Attorneys or Real Estate Agents involved in real estate transactions as part of due diligence you are recommending the buyers of properties to hire a Professional Building Inspector. This is a helpful and valuable service that you routinely recommend to clients and may be required by lenders, however if the inspection is not done objectively and carefully, it may lead to major issues.
Many Inspection Companies employ inspectors with little or no previous experience in building construction or inspection. Some employ Professional Engineers but are not engineering firms and, therefore, cannot provide evaluation of structural, mechanical or electrical integrity. Both types of firms can only note items of concern that would need to be evaluated by a Professional Engineer in private practice or working in an Engineering Firm.
The term “building inspector” is often a self-issued title and, with the exception of a few states, there is very little regulation in this rapidly growing industry. On the other hand, Professional Engineers are licensed by the state in which they practice, and they:
- Have completed an accredited, degreed engineering program;
- Have four years of work under the direction of other engineers;
- Passed a comprehensive two-day exam;
- Are bound by a code of ethics and state law to practice only in areas where they are qualified.
What credentials does a New York licensed professional engineer have?
A licensed New York PE has earned a minimum of 12 years of education/experience credit and has passed a 16-hour national licensing examination. Most New York PEs have a four-year bachelor’s degree from an accredited engineering program and have earned qualifying experience as an intern engineer. Many engineers also have a master’s degree in their field.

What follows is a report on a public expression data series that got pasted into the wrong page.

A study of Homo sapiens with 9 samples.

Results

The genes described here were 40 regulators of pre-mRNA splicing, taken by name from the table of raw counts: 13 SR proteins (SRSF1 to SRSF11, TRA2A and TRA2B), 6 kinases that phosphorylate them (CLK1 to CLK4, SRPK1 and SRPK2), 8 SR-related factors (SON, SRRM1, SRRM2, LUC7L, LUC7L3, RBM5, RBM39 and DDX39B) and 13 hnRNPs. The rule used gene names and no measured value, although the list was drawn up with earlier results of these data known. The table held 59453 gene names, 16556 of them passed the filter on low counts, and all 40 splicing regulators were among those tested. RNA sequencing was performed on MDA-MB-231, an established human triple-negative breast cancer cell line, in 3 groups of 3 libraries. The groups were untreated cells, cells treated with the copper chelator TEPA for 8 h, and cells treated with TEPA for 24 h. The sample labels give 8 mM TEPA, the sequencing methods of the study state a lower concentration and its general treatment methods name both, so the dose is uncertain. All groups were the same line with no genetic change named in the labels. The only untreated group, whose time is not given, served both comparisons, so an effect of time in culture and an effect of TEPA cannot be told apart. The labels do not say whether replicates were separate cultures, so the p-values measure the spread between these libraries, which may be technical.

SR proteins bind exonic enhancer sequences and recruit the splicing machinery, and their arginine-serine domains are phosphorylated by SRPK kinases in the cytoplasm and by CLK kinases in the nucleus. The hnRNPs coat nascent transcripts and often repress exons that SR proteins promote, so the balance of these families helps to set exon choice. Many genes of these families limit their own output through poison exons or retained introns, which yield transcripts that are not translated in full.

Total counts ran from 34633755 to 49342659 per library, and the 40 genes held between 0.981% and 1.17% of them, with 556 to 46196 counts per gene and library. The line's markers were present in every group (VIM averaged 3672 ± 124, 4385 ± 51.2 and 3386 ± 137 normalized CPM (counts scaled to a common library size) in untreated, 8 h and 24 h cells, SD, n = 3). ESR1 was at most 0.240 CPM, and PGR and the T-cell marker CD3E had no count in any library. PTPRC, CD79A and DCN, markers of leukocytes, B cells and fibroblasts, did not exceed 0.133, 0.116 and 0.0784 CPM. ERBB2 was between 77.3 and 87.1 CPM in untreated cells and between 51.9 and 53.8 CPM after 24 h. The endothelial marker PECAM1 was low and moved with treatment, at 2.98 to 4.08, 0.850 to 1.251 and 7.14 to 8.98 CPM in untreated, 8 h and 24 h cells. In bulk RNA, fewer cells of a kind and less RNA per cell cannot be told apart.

When would I use the services of a professional engineer?
You might employ a PE to:
- evaluate the structural integrity, electrical, and/or mechanical systems of a house or building prior to purchase or renovation;
Professional Engineers Can Save Time & Money
By law in most states, including New York, only a licensed, Professional Engineer, in Private Practice or in an Engineering Firm, is permitted to render an opinion as to the structural integrity of a building. A building inspector may be qualified to find the symptoms that a building presents (i.e., there is a crack), but then must suggest the consulting services of a licensed, Professional Engineer for further evaluation. This can be an expensive and time delaying addition to the inspection process. Hiring a building inspector who is a licensed Professional Engineer in an Engineering Firm in the first place, can save your client additional consulting fees and valuable time.
Whether your clients are large corporations, real estate investment trusts or individual investors, engaging with licensed Professional Engineers will give your clients the peace of mind that they are getting the most professional advice available.
At Schmitt Engineering we have more than 60 years of experience inspecting tens of thousands of commercial projects across the country. Our inspectors are licensed, Professional Engineers with years of building-related experience. We clearly explain a building’s condition, so our clients can make confident, informed decisions about their purchase.